3 Things I Heard at Microsoft Ignite
I have a love/hate relationship with trade shows that goes back decades. On the one hand, it’s a rare privilege to catch up in person with prospects and customers and hear what’s going on in their world. On the other hand, the hours are long and exhausting, so it helps to have a side project. For Microsoft Ignite last week, mine was keeping track of the conversational themes that kept coming up at the Bandwidth booth.
Full disclosure: my favorite quotes from Orlando were not heard on the show floor, but at the Uber/Lyft pick up area outside the convention center, which was snarled with long lines and slow traffic every evening after the event closed. Unfortunately, none of those comments were fit to print for a general audience, so I’ll stick with the ones related to IT topics within the enterprise:
- “Managing our telephony is a pain.” Nearly everyone we spoke with described some sort of angst over their telephony implementation. Many organizations are still in the process of testing Microsoft Teams, but their telephony migration to the cloud is still in the future or planning stages. Topping the list of concerns were phone number porting, moving from hard phones to softphones, and deciding between Microsoft Calling Plan and Direct Routing.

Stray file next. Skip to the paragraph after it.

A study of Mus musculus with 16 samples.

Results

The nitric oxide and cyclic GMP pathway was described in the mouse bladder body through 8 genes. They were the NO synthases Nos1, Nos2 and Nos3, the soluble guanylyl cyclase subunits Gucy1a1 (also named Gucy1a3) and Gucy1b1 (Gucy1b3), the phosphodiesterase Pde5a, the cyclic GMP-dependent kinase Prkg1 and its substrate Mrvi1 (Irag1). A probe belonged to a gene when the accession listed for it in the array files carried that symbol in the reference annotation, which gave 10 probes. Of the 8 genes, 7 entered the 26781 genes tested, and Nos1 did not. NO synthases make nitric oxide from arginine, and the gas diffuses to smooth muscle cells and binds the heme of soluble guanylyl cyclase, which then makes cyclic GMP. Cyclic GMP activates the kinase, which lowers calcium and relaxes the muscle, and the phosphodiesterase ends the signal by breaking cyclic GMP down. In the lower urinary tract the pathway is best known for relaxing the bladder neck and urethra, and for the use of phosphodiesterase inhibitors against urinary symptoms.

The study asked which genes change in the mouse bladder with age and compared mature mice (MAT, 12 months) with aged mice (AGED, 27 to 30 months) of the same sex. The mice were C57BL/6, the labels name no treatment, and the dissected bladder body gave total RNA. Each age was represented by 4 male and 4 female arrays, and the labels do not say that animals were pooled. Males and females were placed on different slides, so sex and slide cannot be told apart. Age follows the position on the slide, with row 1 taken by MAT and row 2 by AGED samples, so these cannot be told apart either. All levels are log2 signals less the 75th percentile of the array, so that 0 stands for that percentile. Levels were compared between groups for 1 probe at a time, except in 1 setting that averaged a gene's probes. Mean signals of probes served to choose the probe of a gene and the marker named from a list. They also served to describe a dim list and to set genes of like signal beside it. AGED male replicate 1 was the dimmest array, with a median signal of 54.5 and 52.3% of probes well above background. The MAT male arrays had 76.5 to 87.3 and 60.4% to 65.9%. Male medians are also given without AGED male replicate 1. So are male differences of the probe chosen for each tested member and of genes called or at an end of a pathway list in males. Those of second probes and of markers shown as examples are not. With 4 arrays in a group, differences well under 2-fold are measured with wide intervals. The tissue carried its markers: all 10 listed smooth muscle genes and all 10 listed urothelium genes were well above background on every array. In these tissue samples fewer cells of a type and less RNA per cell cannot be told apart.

- “We’re considering SBC-as-a-Service.” Enterprises of all shapes and sizes are investigating a hosted SBC (Session Border Control) model. This always made sense to me for smaller organizations who don’t have the staff to manage an SBC, but I was surprised how many large enterprises with complex infrastructures expressed curiosity about this option, as well. Citing speed and flexibility, these organizations want the ability to scale faster and reduce infrastructure costs.
- “I look at it like what if my kid needed to call 911.” I know how busy and often understaffed IT departments can be, so I was happy to hear from companies who prioritize their users’ safety and proactively plan for E911. Many are assessing new federal E911 regulations coming into effect next year, and don’t want to make the move to the cloud until they’re confident they have their compliance nailed down.
“Where can I get one of your sparkly jackets?” The last one isn’t IT related, so it doesn’t count except that it was the most surprising and funny to me. Bandwidth’s bold, bright jackets continue to be a crowd favorite at IT conferences, so any stereotypes I carried about techies being indifferent to fashion have been eliminated forever.